The Los Angeles Galaxy seem to be putting things together nicely heading into the final part of the season. The team is in a tight fight for a playoff spot in the Western Conference and could climb to within three points of cross-town rivals Chivas USA with a win on Saturday.

Ahead of the SuperClasico, Goal.com’s Andrea Canales sat down with the Galaxy’s Chris Klein for an exclusive interview.

Canales: Last year, the SuperClasico trophy was the only competitive prize the Galaxy won.

Klein: That's terrible.

Canales: Well, the year before, you didn't even win that. Talk about what that trophy means to the team.

Klein: Inside of our team and where we're at this season, it would be a big game whether we're playing Chivas USA or whoever, just because we've won two in a row and we're starting to get a bit of momentum. It's at that point in the season where we need to keep that going. Then you add in the rivalry and sharing the stadium and passing each other in the hallway and it becomes a bigger game - more heated. It has the added element of being able to walk around and look at them and say, the Home Depot Center is really our stadium.

Canales: I know everyone wants to win every game, but do outside factors play in role in making players want to win some more than others?

Klein: Every game is not the same. It's strange to have a road game in your own stadium. They've played well, but we're used to playing in front of big crowds. It's nice to have a road game in your own stadium, actually, so for us, that's definitely a positive that other teams don't have.

Canales: You mentioned the two wins in a row, those happened without David Beckham or Landon Donovan - do you ever feel teams are extra-charged to play against you when you have those stars?

Klein: Maybe a little bit. I think you have to give us some credit, too. We've played well with the guys we have - saying that, we're definitely a better team with Landon and David in the lineup. Does that cause teams to pay more attention to us? I would hope not, because in this league, everyone is pretty equal, so the difference between winning and losing is pretty marginal. I think teams are more focused for us whether we have David or Landon or not. Maybe it is a little bit more hyped up when those guys are around, but I think we've done a good job in stretches without them, but we're definitely a better team with both of them in the lineup.

Canales: With the possibility of Beckham leaving as soon as the season ends, will it be hard to focus on success in such a short period?

Klein: He's always had many distractions and he's always dealt well with it. I don't think the length of the contract will affect him, he was on a short loan to AC Milan and he played very well. We're expecting that when he comes back.

Canales: Do you approach the second half of the season any differently?

Klein: We really wanted to concentrate on the first part of the season and have a decent start. You can't be giving up points, or you can play yourself out of the postseason. While we've done that this year a little bit, it hasn't been as much as in the past. We feel, for us, that we're adding a great player who is going to help our team - it's as simple as that.

Canales: Do you feel you've adjusted to the circus that seems to take place when Beckham is with the team?

Klein: We've got a much more mature team now. Guys can handle the extra added attention. To be honest, David brings a lot of that on himself and deals with it the most. We have to stay focused on what we have to do on the field. I think with having that over the past few years, we'll be able to do that.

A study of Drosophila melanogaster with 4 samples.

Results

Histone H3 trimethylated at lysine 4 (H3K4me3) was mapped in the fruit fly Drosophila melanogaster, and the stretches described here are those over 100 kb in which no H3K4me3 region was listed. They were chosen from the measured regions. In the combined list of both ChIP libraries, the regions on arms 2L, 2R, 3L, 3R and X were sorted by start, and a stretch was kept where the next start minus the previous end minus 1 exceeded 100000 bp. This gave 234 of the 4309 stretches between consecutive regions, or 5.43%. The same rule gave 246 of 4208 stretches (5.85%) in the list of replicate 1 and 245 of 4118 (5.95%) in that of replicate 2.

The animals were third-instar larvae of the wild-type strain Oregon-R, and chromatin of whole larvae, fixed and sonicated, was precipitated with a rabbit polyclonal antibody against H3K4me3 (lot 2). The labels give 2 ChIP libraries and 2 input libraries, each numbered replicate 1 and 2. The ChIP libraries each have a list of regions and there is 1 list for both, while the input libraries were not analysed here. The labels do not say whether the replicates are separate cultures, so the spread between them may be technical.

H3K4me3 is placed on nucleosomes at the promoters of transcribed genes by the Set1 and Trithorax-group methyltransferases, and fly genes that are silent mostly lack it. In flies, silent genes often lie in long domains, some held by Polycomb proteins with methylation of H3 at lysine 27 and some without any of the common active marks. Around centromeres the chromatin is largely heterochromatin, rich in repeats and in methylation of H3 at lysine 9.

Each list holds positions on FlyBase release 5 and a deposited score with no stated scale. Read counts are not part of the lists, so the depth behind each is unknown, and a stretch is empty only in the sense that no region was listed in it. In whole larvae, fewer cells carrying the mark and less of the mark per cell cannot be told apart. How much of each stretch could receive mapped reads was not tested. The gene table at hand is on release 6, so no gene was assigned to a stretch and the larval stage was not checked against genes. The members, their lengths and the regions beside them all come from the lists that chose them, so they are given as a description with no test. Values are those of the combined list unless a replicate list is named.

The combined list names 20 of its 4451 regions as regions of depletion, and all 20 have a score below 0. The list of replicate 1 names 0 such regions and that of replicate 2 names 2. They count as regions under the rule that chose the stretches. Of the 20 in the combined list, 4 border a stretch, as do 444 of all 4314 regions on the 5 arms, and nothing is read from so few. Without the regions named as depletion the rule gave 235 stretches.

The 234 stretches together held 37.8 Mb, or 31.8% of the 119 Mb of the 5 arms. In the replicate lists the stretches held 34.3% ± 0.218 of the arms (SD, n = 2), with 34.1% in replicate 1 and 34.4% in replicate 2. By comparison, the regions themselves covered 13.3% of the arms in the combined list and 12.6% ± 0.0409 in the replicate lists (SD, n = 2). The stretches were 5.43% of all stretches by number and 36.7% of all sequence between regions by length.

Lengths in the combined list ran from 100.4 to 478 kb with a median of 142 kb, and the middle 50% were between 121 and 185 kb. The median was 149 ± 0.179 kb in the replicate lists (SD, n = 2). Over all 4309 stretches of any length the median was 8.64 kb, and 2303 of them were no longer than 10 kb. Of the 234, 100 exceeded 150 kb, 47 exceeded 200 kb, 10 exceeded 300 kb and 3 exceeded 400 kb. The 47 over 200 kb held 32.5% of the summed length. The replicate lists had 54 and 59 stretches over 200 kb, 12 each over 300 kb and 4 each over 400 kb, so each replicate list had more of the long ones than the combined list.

Canales: To what extent are you reintroducing David to a team that has changed a lot while he's been gone?

Klein: That's true, we've just signed Alecko and Chris Birchall, and there's been a lot of other roster changes. But David is comfortable here, in the locker room and in our training room. I think that makes it a lot easier.

Canales: How much of a monkey wrench to David's return has the release of Grant's Wahl’s book, The Beckham Experiment, thrown into things?

Klein: The timing is to sell books. I don't believe it's going to be as big a distraction as people think. Like I said, we've got a lot of mature guys and we can't wait for him to get back and it’s as simple as that in our minds.

Canales: Guys talk about how the locker room atmosphere has improved this season.

Klein: It's great. Bruce saw what was lacking in the past and it was a priority for him to change things. With some of the guys that we've brought in, we have a much better locker room than we've had in the past and it shows in the way we connect to each other on the field.

Canales: Your role has changed, as you've come off the bench in recent games; is that tough?

Klein: It is difficult. I do still think of myself as a starter in this league. But he's the coach. I put my focus on improving and I train hard to get back in the lineup. I'm willing to do whatever role I'm asked to do.

Canales: How do you think the perception of MLS has changed since Beckham's arrival to the league?

Klein: I think it became a little skewed, because when he decided to come to us, I think people then thought that we were this mature league on par with some of the more established around the world. That's not the case. We're still a growing as a league. I think the emphasis has to still be on how we've improved as a league and how we've gotten better. This league will continue to grow and it'll be here long after Beckham or I or any of these other guys. I think that's what the focus should be, that we're a growing league and we're going to continue to do this right. At some point in the future, we'll be talking about this league as one of the best in the world, I'm sure.

Give And Go is a regular feature on Goal.com USA.